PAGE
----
History of the Peace Corps in Samoa
From Peace Corps Wiki
In 1967, after experiencing a difficult year and a devastating cyclone, Samoa invited the Peace Corps. The first Volunteers worked in rural villages, leading health and hygiene projects for Samoa's Department of Health. These early Volunteers remain well-known for the introduction of water seal toilets, now affectionately called fale Pisikoa (Peace Corps houses).
The next groups to follow were civil engineers, architects, accountants, statisticians, and economic planners who served in various central government departments. One early Volunteer was the architect and construction supervisor for the present Parliament building at Mulinu’u and the supporting offices of the Legislative Assembly.
Volunteers also had a significant impact on infrastructure development, such as the Faleolo International Airport terminal and school buildings. Some took up prominent, executive positions in various government departments, such as acting directors of Public Works.
In health care, Volunteers have served as researchers in filariasis control (filariasis is a parasitic disease caused by a blood nematode), and they have worked at the National Hospital as nutrition educators and dietitians. Other Volunteers have worked as small business advisors and as youth development workers.
While Volunteers have served in most sectors and departments during the 40-year history of the Peace Corps in Samoa, the largest numbers have served in the Department of Education as classroom teachers and advisors. Peace Corps Volunteers have taught and been involved in educating tens of thousands of Samoan children. They have helped build the capacity of local teachers by serving in classrooms for two years, allowing Samoan teachers to attend the National University of Samoa full-time, enhancing their education and teaching skills. Volunteers have taught in a variety of subject areas, including science, business, mathematics, and computer studies. Prime Minister Tuilaepa Sailele Malielegaoi and other Samoans are happy to share stories about their favorite Pisikoa who taught them in school or lived with their family. To date, more than 1,760 Volunteers have served in Samoa.
Future of Peace Corps Programming in Samoa
Having worked for several decades on building the capacity of educators in Samoa and wanting to focus on other project areas, the education project was graduated in December 2003.
In June 2001, in cooperation and partnership with the Government of Samoa, Peace Corps/Samoa began two new projects: village-based development (VBD) and capacity building (CB). The VBD project includes the Future Farmers of Samoa (FFS) program and an integrated coastal management (ICM) initiative, while the CB project includes information and communication technology (ICT), special needs education (SNE), and mentoring in technical and professional areas (MTPA). These projects remain the core of the Peace Corps’ development assistance to Samoa.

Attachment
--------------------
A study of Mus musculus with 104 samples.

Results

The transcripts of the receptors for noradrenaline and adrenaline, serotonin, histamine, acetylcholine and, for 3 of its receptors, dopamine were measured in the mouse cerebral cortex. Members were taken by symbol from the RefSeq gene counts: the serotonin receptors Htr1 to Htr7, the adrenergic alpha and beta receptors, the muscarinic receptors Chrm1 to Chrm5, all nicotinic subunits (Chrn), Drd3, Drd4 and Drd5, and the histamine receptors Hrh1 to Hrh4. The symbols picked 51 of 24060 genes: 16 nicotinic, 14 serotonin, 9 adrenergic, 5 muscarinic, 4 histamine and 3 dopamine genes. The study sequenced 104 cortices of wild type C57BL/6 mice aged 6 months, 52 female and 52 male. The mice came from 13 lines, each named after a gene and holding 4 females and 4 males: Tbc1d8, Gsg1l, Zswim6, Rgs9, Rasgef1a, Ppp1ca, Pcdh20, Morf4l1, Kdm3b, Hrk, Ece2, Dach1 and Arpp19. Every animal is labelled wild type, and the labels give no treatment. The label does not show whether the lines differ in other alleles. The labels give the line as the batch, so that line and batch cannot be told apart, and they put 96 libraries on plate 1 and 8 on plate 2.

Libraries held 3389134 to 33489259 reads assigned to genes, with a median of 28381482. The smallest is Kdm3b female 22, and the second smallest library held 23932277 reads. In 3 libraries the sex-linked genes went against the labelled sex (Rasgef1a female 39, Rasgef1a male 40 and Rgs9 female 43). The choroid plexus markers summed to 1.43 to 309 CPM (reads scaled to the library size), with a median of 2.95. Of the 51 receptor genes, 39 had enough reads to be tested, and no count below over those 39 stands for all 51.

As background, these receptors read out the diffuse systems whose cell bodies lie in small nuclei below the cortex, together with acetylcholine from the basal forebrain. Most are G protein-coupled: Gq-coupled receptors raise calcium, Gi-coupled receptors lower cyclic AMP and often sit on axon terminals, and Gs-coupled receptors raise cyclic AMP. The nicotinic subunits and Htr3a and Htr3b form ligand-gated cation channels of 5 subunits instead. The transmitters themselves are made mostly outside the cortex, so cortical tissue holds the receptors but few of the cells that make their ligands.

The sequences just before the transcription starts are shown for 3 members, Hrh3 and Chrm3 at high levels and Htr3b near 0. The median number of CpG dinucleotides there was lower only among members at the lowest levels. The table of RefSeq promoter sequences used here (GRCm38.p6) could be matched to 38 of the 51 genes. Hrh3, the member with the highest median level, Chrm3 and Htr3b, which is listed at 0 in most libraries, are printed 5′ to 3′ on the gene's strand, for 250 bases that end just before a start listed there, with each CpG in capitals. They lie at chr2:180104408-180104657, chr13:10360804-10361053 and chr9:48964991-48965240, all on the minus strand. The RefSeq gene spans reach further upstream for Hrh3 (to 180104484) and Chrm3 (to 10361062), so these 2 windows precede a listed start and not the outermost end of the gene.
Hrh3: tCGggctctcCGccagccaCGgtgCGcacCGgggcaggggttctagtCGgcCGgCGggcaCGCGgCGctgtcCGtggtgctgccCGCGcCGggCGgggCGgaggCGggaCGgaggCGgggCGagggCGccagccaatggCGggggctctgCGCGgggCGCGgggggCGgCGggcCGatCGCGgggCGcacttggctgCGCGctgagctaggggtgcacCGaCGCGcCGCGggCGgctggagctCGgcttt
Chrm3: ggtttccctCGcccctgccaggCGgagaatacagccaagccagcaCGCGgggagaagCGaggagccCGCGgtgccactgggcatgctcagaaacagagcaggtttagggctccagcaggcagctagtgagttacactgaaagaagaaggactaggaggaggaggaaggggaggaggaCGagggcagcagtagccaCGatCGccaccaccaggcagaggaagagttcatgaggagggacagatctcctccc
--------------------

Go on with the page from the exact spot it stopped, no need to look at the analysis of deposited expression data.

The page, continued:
In the VBD project, Volunteers work with rural communities to help them articulate their common vision for the future and to assist them in identifying their assets, mobilizing local resources, and accessing additional services to help them achieve their vision. As part of these efforts, Volunteers often facilitate, with their village counterparts, the design and management of small-scale projects in numerous sectors, including health, agriculture, youth, and income generation. Volunteers with the Future Farmers of Samoa project are helping make agriculture a profession of first choice in Samoa. ICM Volunteers work with various local organizations and communities to incorporate marine education and awareness into science classes, develop environmental projects, and assist with the monitoring and protecting marine resources.
ICT Volunteers work primarily in schools and sometimes in offices as teachers, teacher trainers, curriculum developers, network programmers, systems administrators, and systems analysts. SNE Volunteers build understanding and skills in the schools and communities of Samoa for students with special needs and in early childhood and inclusive education. MTPA Volunteers work with local development agencies and government ministries on strategic planning, capacity building, program design and management, and systemizing day-to-day operations.
In 2006, Peace Corps/Samoa updated its vision to the following:
A dynamic community service-focused post, working in partnership with Samoa to achieve its vision by identifying and initiating new, enhancing current, and graduating sustainable programs, through the support of well-trained, safety-oriented, adaptable Volunteers in meaningful assignments committed to building understanding and capacity.